Closed Meeting on FOI Sparks Caymanian Controversy

17 December 2010

Cayman Island legislators have retaliated against a newspaper that drew attention to plans for a closed door meeting on freedom of Information and wrote an editorial cautioning against weakening the law.

The Caymanian Compass and publisher Brian Uzzell is refusing to apologise for the article by reporter Brent Fuller, or the editorial published Dec. 8. In addition, Uzzell, has said that none of the paper’s reporters will be attending the Legislative Assembly until the threat of prosecution is lifted, but will follow the proceedings by radio, according to a story in the Cayman News Service, also described in a Compass editorial Dec. 17.

Speaker of the House Mary Lawrence first asked Fuller to apologize for reporting that a six-member Legislative Assembly subcommittee was going to review Cayman’s freedom of information Law in private, and for the unsigned editorial. Noting the planned closed meeting, the editorial expresses “our fear that the latest WikiLeaks release will serve as an excuse for governments around the world to further restrict access to legitimate public information.”

Legislators voted to cancel Fuller’s press privileges immediately and to recommend criminal prosecution of Fuller for “impugning the integrity” of the Legislative Assembly.  Cayman’s attorney general is examining the matter, according to a report in the Compass.

In a statement at the beginning of a Legislative Assembly meeting on Dec. 9, Speaker of the House Mary Lawrence suspended the reporter’s press privileges to report on the legislature’s meetings for the rest of the week and asked for an apology from him and Cayman Free Press, which publishes the Compass.

Lawrence was quoted as saying: “When the free press, however, begins whittling away at the root of democracy – defaming the integrity of the country’s Legislative Assembly and the integrity of its honourable members, by deliberately planting in the minds of the public the idea that the persons they have chosen to represent them are not worthy of their trust and respect, and imbuing the carrying out of their legislative duties with sinister proportions, it is time for this Chair to act.”

Lawrence cited section 18 (2) of the Immunities, Powers and Privileges Law which covers the publication of statements or reports on the Assembly or any committee. Breaching this law is an offence that carries a penalty of an $800 fine and imprisonment of 12 months.

Independent Assembly member Ezzard Miller proposed a motion resolving to ask the attorney general to prosecute  Fuller and the Compass and to immediately cancel, rather than suspend, Fuller’s reporting privileges at the Legislative Assembly. The motion generated substantial debate and was passed on a 9-4 vote.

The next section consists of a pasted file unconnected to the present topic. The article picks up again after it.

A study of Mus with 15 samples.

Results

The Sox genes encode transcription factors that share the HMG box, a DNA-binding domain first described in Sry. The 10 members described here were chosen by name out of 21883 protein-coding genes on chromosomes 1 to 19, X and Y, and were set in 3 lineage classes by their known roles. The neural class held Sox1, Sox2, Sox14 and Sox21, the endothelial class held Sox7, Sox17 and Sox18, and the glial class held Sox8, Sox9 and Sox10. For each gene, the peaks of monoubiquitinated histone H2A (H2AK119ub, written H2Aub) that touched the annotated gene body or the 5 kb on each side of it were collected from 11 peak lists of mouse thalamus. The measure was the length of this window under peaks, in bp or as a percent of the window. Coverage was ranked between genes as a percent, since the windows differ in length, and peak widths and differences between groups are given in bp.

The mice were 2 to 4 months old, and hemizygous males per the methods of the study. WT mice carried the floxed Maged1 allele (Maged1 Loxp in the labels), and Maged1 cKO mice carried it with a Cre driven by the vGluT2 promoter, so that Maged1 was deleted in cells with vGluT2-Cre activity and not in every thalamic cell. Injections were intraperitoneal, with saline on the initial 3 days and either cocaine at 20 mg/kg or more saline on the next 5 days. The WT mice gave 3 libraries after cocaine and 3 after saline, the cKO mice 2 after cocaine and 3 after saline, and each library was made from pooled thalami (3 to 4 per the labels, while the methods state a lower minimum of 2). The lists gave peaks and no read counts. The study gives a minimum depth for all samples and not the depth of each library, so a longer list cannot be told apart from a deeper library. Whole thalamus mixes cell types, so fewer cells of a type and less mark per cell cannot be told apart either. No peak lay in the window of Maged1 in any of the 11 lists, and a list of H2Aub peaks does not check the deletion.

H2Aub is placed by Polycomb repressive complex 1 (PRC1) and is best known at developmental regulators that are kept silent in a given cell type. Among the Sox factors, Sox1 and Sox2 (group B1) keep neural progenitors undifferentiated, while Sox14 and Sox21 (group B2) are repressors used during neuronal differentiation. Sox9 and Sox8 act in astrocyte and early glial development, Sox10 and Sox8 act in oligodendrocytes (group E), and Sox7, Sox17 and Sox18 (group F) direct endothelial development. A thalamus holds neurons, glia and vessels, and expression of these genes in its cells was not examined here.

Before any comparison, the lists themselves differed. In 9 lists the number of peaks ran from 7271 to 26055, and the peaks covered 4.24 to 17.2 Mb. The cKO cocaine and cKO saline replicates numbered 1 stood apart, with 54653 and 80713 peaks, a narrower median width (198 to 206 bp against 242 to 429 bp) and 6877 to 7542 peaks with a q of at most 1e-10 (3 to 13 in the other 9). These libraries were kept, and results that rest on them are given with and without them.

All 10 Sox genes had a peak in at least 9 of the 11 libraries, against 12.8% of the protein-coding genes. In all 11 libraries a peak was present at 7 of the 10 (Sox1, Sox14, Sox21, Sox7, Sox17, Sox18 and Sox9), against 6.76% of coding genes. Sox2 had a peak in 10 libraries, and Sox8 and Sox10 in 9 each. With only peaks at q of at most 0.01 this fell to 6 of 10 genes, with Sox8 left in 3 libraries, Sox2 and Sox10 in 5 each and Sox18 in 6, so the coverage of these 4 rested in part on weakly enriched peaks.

The story that started it all began, “It appears the legal review of Cayman’s first Freedom of Information Law will not be done before the eyes of the public. “

The review is required under the new FOI law, which took effect on Jan. 5, 2009.

Fuller reported:  “A number of recommendations about changes to the law have already been made by the FOI Commissioner’s office. However, Commissioner Jennifer Dilbert was not named as one of the committee members. According to Cayman Islands Attorney General Sam Bulgin, a committee of the entire LA met on 15 September behind closed doors and decided on the subcommittee’s formation.”

Anonymous Requests an Issue

Fuller reported that Premier McKeeva Bush “has previously stated that his administration is committed to continuing with the open records law,” but that he has questioned allowing anonymous requests for information and raised concerns about the cost of the law.

Fuller wrote:  “Mrs. Dilbert, who is charged with handling all appeals of FOI requests, has said that the anonymity aspect of FOI is essential for the continued success of the law.   Given previous comments about the FOI review by Premier Bush and Cayman Islands Governor Duncan Taylor, Mrs. Dilbert said she expected to be ‘front and centre’ in leading the role of the committee.

Compass Editorial

A Dec. 13 Compass editorial said there was noting factually wrong with the original article and that “just because the law review says that the meetings can be held in secret doesn’t mean they have to be. Lawmakers can easily suspend Standing Orders to make the meetings public. As a matter of practice, lawmakers vote to suspend Standing Orders fairly frequently. The real question now is, will they in this case?

The editorial continues:

“As for impugning the integrity of any sitting member of the Legislative Assembly, we have to say ‘the lady and gentlemen doth protest too much. Our editorial was meant to bring to the attention of the public – many of which voted for the people sitting in the honourable House – a lack of transparency in government, especially concerning something so important as the freedom of information in this county.

There is a genuine concern the world over that governments are not forthcoming with information to the public; that decisions and policies are being made without input from the people who elected those who are making crucial decisions.

But apparently it is easier to attempt to ‘prosecute’ a reporter and a newspaper than to hold meetings about the FOI law in public.

In another Compass article, Uzzell points out a wider pattern of Lawrence’s hostility to the press.  “First she cancelled all press passes of journalists and insisted they file annual register of interest forms, even though the requirement isn’t supported by Standing Orders,” he said. “Then she took away journalists’ right to use a Legislative Assembly parking spot next to the Library. Now this.”